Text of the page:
Quack Addiction: The World’s 7 Most Amazing Ducks

Madagascar Pochard

(images via: Arkive/Frank Vassen and BBC)

The Madagascar Pochard (Aythya innotata) is an extremely rare diving duck native to the island nation of Madagascar. Never especially common, the species’ population on Lake Alaotra, Madagascar’s largest lake, dropped dramatically in the late 1940s and early 1950s in conjunction with increased human activity and especially the introduction of non-native fish species that preyed on young ducklings. Last seen in the wild in 1991, the Madagascar Pochard was rated “Possibly Extinct” on the 2006 edition of the IUCN Red List.

(image via: Frank Vassen)

Though the Madagascar Pochard has vanished from lake Alaotra, in 2008 the chance discovery of a small flock of ducks at isolated Lake Matsaborimena reestablished the species as viable, though just barely. In 2009 and 2012, conservationists were able to collect several dozen eggs and hatch them in an incubator for later release into the wild: as of April 2013, the total population of the Madagascar Pochard stood at around 80 individuals. Kudos to Flickr user Frank Vassen of the Madagascar Pochard Captive Breeding Program for these outstanding images of a duck saved from the brink of extinction.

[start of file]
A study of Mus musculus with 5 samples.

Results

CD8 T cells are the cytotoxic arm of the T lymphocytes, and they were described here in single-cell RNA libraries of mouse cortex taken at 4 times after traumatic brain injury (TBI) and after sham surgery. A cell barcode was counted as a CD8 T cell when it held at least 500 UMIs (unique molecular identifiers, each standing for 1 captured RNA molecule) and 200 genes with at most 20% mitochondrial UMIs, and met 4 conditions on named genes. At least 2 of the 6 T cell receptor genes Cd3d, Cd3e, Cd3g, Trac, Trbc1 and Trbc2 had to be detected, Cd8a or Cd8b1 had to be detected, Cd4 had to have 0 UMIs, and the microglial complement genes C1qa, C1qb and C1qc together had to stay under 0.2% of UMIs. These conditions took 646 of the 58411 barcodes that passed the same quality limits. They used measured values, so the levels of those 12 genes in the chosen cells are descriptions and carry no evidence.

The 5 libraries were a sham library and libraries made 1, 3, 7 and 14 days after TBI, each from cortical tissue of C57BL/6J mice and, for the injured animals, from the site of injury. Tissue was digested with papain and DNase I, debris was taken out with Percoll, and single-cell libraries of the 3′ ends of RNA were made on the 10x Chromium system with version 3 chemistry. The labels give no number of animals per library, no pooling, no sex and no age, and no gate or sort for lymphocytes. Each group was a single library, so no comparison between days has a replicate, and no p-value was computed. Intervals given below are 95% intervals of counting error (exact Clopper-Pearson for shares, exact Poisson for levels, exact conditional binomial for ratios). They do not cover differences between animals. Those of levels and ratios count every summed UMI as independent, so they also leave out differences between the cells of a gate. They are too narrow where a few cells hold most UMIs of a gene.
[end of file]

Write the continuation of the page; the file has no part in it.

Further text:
Spectacled Eider

(images via: BBC and Ducks.org)

The Spectacled Eider (Somateria fischeri) is one of the strangest looking ducks and if you’ve read this far, you know that’s saying something! The fact that IUCN rates this species as being of Least Concern, its highest rating, has a lot to do with this duck’s natural habitat on the frigid arctic seacoasts of Alaska and northeastern Siberia.

(image via: Audubon Magazine)

Although female Spectacled Eider ducks are mainly medium brown in color, the males are much more visually interesting: only they sport the large circular white eye patches that give this species its common name. The rest of the male’s plumage is black over the lower body complemented by a bright white back. Their heads are a pale yellow-green head and the bill is orange. Enthusiastic Duck Dynasty types and the Palin family had best be advised, however, that in 1993 authorities in the United States listed Spectacled Eider ducks as a Federally Threatened species and as such, hunting them is prohibited.